The results embodied in the following report were
obtained in the course of a general helminthological
survey of Southern Rhodesia during the year 1930. The
work was undertaken on behalf of the London School of
Hygiene and Tropical Medicine which, in conjunction with
the Government of Southern Rhodesia, has established a
Rhodesian Research Fellowship for the purpose of
facilitating the investigation of disease conditions in
the Colony. The present investigation was begun in May
1930 and continued until February 1931.
When the work commenced schistosome infestations
were known to be present both in the Europeans and the
Natives of the Colony. From the clinical standpoint,
however, the disease was regarded as relatively
unimportant as the gross manifestations of the disease,
either in its urinary or intestinal form were rarely
Precise knowledge was lacking on the intermediate
molluscan hosts of the schistosome species met with in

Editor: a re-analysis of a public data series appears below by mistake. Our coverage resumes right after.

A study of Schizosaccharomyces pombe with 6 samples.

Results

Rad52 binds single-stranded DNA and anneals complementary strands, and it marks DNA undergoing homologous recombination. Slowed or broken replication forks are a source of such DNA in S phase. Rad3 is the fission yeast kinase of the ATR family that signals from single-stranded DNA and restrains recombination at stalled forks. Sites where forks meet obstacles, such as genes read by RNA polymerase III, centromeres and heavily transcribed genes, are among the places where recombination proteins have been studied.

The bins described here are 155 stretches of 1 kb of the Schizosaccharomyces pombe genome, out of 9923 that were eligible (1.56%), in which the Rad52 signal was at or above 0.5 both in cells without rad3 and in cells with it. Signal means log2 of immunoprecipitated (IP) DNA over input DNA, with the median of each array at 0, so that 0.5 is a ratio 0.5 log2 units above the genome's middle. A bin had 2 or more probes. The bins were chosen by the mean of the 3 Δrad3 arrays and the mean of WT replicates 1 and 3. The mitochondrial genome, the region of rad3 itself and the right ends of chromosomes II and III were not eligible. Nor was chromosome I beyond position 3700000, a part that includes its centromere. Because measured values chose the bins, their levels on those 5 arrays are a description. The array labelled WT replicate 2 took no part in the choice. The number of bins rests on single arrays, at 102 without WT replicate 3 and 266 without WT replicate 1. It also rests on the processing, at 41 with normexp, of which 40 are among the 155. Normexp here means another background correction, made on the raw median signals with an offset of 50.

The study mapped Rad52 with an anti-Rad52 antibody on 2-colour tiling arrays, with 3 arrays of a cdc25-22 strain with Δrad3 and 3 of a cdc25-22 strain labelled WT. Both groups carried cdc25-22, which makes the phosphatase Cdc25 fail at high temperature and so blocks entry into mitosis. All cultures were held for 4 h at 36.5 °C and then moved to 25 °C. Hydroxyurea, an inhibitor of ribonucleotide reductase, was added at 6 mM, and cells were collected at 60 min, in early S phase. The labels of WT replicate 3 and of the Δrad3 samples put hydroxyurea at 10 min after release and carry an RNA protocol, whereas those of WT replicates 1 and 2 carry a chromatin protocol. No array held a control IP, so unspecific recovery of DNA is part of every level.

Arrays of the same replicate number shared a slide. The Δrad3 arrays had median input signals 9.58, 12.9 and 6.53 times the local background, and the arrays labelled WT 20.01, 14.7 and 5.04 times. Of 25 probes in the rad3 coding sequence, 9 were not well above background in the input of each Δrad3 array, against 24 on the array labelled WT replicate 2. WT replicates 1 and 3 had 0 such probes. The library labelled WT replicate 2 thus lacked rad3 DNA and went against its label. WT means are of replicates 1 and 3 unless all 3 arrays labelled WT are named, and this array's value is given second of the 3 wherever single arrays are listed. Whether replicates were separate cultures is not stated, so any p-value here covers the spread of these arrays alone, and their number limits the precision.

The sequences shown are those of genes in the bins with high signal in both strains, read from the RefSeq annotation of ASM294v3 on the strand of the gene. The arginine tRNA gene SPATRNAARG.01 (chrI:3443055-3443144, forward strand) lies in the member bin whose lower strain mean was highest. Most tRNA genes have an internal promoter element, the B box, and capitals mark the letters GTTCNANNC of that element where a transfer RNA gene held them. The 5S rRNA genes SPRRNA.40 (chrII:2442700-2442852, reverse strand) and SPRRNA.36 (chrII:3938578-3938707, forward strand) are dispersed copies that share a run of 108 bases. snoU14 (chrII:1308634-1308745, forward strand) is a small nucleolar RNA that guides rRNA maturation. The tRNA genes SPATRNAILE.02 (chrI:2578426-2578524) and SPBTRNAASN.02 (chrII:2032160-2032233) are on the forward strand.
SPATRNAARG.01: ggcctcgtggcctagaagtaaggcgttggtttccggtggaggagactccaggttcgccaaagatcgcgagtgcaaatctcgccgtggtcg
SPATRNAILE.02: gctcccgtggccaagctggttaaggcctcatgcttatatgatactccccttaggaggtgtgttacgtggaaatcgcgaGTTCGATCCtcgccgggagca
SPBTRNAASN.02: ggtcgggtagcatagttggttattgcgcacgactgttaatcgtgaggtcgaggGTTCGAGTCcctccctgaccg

Rhodesia. Various fresh -water molluscs had, from time
to time, been submitted to the Public Health Laboratory,
Salisbury, but no animal experimentation had been carried
out to determine the nature of the cercariae they
chanced to harbour.
The possibility of the existence of reservoir
hosts for mammalian schistosomes capable of parasitising
man had not been investigated.
In the course of a few preliminary examinations
it soon became apparent that schistosome infestations
were much more prevalent amongst the Native population
than had been hitherto suspected and on this account it
was decided to devote as much of the available time as
possible to a study of the schistosome problem.
While determining the incidence of the
infestation amongst the Natives of the different regions
of Southern Rhodesia, every opportunity was taken to
investigate the bionomics of those fresh -water molluscs
which constituted the intermediate hosts of the
parasites. At the same time frequent autopsies were
carried out on various mammals, such as monkeys, baboons,
sheep, etc., for the purpose of detecting previously
unsuspected hosts for the human schistosomes.